Things You'll Need
When you see shiny wood, it's likely that the wood's shine is caused by a coat of polyurethane on it. You can take virtually any piece of wood and add a DIY shiny wood finish using polyurethane. The process is not difficult but it is time consuming and takes a lot of hard work to get a smooth, flat, shiny finish. Since the process is not overly complicated, it is a great place to start learning about woodworking.
Wipe the surface clean with a rag dampened with mineral spirits. This removes all of the wood dust from the wood pores.
Brush clear pore filler onto the wood surface with a paint sponge. Pore filler is essentially thick polyurethane designed to fill up the pores in wood. Allow the pore filler adequate time to completely dry before moving on. This timeframe depends on many factors. For example, the humidity, temperature and brand of filler all affect drying times. Follow the drying times on the container.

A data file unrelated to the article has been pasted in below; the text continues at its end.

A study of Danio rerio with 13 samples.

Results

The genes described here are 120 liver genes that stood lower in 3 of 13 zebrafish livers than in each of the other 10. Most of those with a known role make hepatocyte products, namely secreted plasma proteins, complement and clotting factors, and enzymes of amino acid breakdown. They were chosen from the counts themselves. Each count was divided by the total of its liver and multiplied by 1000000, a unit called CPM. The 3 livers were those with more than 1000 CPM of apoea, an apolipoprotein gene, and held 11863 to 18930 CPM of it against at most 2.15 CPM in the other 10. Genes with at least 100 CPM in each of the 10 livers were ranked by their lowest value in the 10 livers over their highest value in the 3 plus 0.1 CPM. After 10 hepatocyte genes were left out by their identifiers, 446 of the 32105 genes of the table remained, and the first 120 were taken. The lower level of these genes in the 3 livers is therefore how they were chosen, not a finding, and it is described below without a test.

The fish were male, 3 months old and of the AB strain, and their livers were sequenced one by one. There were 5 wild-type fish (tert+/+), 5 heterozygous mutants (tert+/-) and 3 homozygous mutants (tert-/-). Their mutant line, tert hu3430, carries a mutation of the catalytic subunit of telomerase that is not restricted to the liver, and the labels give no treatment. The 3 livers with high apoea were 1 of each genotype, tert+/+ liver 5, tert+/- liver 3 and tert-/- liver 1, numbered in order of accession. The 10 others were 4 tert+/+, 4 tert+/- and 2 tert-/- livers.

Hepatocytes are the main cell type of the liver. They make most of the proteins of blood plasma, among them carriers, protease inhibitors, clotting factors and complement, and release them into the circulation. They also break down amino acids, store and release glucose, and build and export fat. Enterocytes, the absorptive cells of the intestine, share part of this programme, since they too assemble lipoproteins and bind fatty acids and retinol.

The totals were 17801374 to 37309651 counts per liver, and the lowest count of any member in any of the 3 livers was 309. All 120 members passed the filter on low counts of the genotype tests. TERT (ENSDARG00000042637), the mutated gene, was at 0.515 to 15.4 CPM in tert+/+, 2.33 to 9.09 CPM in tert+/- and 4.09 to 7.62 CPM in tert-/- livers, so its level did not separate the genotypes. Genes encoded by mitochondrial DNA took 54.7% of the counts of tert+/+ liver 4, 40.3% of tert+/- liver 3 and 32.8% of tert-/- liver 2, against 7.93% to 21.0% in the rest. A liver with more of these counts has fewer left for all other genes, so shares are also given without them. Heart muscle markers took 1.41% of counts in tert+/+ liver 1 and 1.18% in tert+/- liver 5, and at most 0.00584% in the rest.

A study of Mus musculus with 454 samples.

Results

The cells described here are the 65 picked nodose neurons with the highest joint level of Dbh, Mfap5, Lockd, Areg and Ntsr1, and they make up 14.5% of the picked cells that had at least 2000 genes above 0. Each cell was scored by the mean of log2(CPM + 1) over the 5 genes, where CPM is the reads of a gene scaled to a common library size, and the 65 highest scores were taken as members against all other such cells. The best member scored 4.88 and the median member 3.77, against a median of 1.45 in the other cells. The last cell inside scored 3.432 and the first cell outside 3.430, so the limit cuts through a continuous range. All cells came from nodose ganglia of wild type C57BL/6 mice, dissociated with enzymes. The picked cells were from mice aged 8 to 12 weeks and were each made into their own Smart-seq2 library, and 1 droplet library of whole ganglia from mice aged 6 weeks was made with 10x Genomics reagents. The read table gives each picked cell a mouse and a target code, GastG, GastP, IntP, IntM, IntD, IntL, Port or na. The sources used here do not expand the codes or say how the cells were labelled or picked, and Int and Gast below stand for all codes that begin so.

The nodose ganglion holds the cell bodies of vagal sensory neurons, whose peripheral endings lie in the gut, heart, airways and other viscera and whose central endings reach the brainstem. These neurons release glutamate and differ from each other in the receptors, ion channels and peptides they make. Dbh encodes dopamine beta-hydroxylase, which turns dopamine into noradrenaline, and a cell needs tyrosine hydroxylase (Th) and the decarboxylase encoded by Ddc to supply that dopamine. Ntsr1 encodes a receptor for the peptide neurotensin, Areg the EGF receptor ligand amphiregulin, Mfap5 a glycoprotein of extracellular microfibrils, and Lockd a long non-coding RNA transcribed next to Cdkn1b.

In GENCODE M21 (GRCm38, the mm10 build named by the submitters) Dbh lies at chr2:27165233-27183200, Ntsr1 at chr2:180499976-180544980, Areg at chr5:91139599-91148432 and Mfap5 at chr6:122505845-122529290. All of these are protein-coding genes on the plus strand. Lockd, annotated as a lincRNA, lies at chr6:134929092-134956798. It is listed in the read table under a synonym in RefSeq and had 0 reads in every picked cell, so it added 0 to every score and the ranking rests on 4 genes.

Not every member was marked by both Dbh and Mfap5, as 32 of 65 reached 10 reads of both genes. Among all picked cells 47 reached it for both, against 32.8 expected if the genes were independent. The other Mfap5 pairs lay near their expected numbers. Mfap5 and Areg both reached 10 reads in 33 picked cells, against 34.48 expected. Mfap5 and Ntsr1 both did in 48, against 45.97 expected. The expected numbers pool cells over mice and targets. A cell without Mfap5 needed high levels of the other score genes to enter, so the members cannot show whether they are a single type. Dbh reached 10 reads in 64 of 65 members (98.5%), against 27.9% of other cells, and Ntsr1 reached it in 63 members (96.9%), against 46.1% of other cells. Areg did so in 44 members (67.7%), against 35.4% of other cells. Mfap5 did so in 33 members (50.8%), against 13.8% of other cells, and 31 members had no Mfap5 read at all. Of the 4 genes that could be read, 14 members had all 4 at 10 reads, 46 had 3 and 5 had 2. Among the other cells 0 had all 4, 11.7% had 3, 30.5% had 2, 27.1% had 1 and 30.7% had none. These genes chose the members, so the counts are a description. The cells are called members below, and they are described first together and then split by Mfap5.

Sand the surface of the pore filler with 600-grit sand paper. As you sand the filler you will remove it from the wood surface and you will leave the filler inside the pores. Duplicate Steps 3 and 4 until the surface of the wood is smooth and you can no longer see the pores in the wood surface.
Wipe the surface of the wood with mineral spirits and allow the chemicals time to dry before moving on.
Paint a coat of polyurethane onto the wood surface. Again, allow adequate drying time before sanding with 600-grit sand paper. Complete a light "scuff" sanding just to give the next coat an adhering surface. Complete three coats of polyurethane.
Sand the surface of the polyurethane flat with 600-grit sandpaper. Graduate the sandpaper from 600-grit to 800-grit, then move to 1000-grit and then to 1200-grit sandpaper. As you graduate to finer grits of sandpaper you remove scratches from the surface of the polyurethane. Be careful not to sand through the hard-coat and into the wood surface. If you do, apply an additional three coats of polyurethane and start this step over.
Apply a buffing compound to a cotton rag and buff the surface of the wood with the rag. This will apply the shine to the wood surface.
Lisa Wampler began writing professionally in 2005 and has published on various websites. She specializes in content writing and search engine optimization, drawing from previous positions as an account manager and a social media manager for an SEO company.